UPDATE, Wed. March 12: Arcata Senior Planner Delo Freitas informed the Outpost that the meeting to discuss Arcata’s Strategic Arts Plan scheduled for Friday, March 13 has been canceled, due to COVID-19 concerns.
Arcata is a pretty artsy town, especially in the theatre and performing arts realm. But with its big brother to the south, Eureka introducing the Eureka Street Art Festival, the utility box art program and various other public art projects, Arcata city staff feels like it might be time to up its art game. That is why the city is developing Arcata’s Strategic Arts Plan (ASAP), which aims to improve the city through supporting the arts.
Arcata Senior Planner Delo Freitas, who previously worked for the the city of Eureka and helped plan the Eureka Street Art Festival, told the Outpost that the idea was inspired, in part, by Eureka’s strategic Arts plan. But Freitas said that Arcata’s plan will not have the same focus as Eureka, which was very focused on promoting tourism through public art.
“We don’t want to redo what Eureka has done,” Freitas said. “[The plan] may be more focused on theatre and music. There are strengths specific to Arcata.”
Though Arcata already has a lot of arts related events, many of them are centered around the Arcata Plaza, Freitas said. One of the goals of the ASAP includes expanding public art and arts events to different neighborhoods and helping “every Arcata resident experience art in their day to day lives,” Freitas said. The plan also aims to include more art in youth education and to make Arcata more financially feasible for artists to live and work in.
Freitas said that local non-profits like SCRAP Humboldt, The Sanctuary and Arcata Playhouse already have programs in place to promote the arts in the community and a big role of the strategic arts plan is to collaborate with those groups and help coordinate their efforts.
“I think Arcata is already far along artistically,” Freitas said. “But we want to do whatever [city] staff can do to celebrate and support artists. I feel like the big intent of [ASAP] is to recognize existing groups for what they’re doing and provide the extra support.”
City staff have also spoke with representatives from HSU, Arcata High School and the Wiyot Tribe to help guide the planning process. The next step is to gather input from other community members and local artists, Frietas said.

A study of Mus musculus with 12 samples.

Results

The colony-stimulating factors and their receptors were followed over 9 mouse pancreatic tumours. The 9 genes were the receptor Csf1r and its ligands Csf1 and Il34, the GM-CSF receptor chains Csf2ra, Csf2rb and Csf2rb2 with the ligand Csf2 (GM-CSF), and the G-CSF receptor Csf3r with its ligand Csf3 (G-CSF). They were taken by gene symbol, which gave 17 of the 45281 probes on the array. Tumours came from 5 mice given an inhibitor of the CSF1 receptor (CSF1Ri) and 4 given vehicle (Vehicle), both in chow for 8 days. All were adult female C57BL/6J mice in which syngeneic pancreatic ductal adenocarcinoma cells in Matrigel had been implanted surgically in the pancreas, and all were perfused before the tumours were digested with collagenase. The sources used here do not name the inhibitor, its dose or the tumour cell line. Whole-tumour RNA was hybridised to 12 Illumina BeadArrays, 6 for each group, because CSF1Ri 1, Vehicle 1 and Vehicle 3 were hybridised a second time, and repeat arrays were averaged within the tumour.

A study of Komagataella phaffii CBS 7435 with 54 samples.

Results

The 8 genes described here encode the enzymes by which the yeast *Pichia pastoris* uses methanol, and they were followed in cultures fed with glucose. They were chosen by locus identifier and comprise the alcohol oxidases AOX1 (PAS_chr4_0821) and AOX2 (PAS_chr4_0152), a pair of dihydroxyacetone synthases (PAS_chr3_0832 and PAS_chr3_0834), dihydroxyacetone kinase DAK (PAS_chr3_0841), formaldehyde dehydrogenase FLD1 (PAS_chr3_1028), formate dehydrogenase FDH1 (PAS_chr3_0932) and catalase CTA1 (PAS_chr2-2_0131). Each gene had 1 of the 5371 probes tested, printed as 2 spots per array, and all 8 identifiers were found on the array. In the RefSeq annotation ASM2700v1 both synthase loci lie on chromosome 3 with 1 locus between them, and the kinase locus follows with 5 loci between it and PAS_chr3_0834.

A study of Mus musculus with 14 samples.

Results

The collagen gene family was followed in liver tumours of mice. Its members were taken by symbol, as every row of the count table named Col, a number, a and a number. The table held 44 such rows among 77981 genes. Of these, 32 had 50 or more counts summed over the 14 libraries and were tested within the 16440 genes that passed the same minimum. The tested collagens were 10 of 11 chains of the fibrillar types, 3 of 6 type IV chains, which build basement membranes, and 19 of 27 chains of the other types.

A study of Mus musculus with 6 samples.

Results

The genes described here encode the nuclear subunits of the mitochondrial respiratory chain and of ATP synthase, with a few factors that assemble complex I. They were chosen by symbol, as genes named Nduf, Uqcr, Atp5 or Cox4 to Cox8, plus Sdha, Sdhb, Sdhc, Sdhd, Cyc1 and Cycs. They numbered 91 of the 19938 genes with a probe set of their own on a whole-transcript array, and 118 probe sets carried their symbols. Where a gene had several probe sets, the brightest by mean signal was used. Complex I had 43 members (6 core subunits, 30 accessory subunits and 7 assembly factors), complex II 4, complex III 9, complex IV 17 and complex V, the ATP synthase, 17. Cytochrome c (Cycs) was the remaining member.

Rather than host a meeting at city hall, Freitas told the Outpost, staff wanted to host a less formal engagement, something that would be more approachable for artists in the community. The Sanctuary offered to hold a public discussion about the strategic arts plan and, hoping to further engage artists and the community, curated an art show to go along with it.
The show “ARTcata ASAP” features multimedia pieces from multiple artist which aim to explain the purpose of a strategic arts plan, the work that goes into creating art, and the importance of art in a community.
Sanctuary board member and co-curator of the show Solomon Lowenstein told the Outpost during a walk through the exhibit, that the arts benefit a community not only through providing entertainment, but by promoting discussion of social issues and offering creative solutions to problems.
The Sanctuary, for example, sorts through massive amounts of HSU’s garbage and finds use for many items that would otherwise be put into a landfill. “Who’s gonna do that? The weird artists,” Lowenstein said.
The idea that art can serve many roles in the community is echoed by Arcata Playhouse Executive Director Jackie Dandeneau, who has utilized the arts to help transform Arcata’s Creamery district into a thriving neighborhood. By increasing the presence of art and artists in a neighborhood, you can help shift people’s perspective of the area, Dandeneau told the Outpost.
As Arcata’s local arts agency, Arcata Playhouse holds an important role in the strategic arts plan by acting as a liaison between city government and the arts community and by helping secure grant funding for artists and projects.
Until now, Arcata Playhouse’s community efforts have been primarily focused on improving the Creamery District and Dandeneau is looking forward to expanding those efforts to other Arcata neighborhoods. The Playhouse already has plans for the Valley West neighborhood — seen by many as a less-than-desirable part of Arcata — such as holding a summer theatre workshop at Laurel Tree Charter School, putting on parades and hosting art-centered events in the area, Dandeneau said.
Dandeneau is excited to work with the city to help implement the strategic arts plan, help get artists involved in the community and help promote the idea that supporting the arts can help improve the city.
“We need people to understand the arts are a viable part of our economic development,” Dandeneau said.
To learn more or to voice your opinion on the Arcata’s Strategic Arts Plan, consider attending the public discussion on Friday, March 13 from 6:30 to 8 p.m. (during Arts! Arcata) at the Sanctuary —1301 J Street, Arcata.
Arcata Playhouse will also host a dinner and discussion to gather ideas on how the organization can contribute to the community as Arcata’s Local Arts Agency, on Monday, March 16 from 5:30 to 7 p.m at the Playhouse —1251 Ninth Street.